1. Nov 21, 2015 #1
    << Mentor Note -- Thread moved as requested >>

    I am trying to complete a mock paper for an upcoming assessment. The mock comes with the answers supplied in bold under the question yet im having trouble understanding how the answers are obtained. I know that the law states that the sum of all emfs equals all the sums of the voltage drops and i have looked at several online articles but they seem to be very complex for what I need to understand. Im hoping someone can explain using the example I have. Im not sure how the arrows play a part in this either

    EDIT: After much banging my head i have come up with the following.Can someone comment if this is correct and if there is a more excepted way of writing it out:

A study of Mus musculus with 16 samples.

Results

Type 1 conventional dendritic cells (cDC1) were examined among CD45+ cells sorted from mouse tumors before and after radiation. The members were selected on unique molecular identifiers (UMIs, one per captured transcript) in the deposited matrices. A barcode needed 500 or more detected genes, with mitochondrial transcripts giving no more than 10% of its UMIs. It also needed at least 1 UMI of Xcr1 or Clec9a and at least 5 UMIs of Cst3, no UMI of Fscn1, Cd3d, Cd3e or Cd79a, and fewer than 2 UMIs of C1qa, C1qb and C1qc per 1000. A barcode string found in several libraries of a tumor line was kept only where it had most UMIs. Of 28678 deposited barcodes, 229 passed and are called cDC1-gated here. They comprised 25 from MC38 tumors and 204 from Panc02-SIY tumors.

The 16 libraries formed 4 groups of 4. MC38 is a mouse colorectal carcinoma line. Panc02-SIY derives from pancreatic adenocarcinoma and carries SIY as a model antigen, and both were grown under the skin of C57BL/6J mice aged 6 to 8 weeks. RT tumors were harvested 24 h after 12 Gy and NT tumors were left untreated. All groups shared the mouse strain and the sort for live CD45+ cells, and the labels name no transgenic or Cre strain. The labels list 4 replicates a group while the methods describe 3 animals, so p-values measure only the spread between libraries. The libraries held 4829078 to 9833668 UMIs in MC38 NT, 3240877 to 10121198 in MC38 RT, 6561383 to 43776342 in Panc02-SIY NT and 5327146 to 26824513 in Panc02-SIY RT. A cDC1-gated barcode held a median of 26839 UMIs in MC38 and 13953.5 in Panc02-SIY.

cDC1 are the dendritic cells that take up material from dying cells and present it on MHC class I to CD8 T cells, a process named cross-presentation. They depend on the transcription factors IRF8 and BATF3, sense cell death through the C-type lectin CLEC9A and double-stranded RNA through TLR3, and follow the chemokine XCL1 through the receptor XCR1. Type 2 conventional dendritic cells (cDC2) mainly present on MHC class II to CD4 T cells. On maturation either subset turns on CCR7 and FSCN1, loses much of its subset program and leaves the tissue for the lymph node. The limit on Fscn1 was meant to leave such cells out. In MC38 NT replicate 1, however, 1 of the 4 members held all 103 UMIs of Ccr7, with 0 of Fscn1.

B-E = -2V
    E-D = +10V
    D-C = -5V

    BE+ED+DC = +3
    ∴ C-B = 3V



    B-E = -2
    E-F = +8
    A-B = 0

    BE+EF+AB = +6
    ∴ F-A = 6V

    Last edited: Nov 21, 2015
  2. jcsd
  3. Nov 21, 2015 #2



    The arrows depict a change in potential, increasing towards the arrow head. So for example, the arrow on the battery in the left bottom corner depicts an 8 V rise in potential across the battery going from node E to node F. Similarly, on the resistor connected from E to B there's a 2 V potential increase.

    Kirchhoff's voltage law states that the sum of the potential changes around a closed path is zero.
  4. Nov 21, 2015 #3
    Ive updated what i think is correct! If anyone can confirm
  5. Nov 21, 2015 #4



    Looks okay.
  6. Nov 22, 2015 #5


    Gold Member

    gneill has already mentioned this but it's far better to think...

    and start by writing equations that sum to zero. For example you wrote..

    BE+ED+DC = +3

    I find I make fewer mistakes with the signs if I specify where I'm starting and write my equation to sum to zero like this..

    Going anticlockwise from B..
    BE + ED + DC + CB = 0

    and then rearrange it to solve for the unknown CB.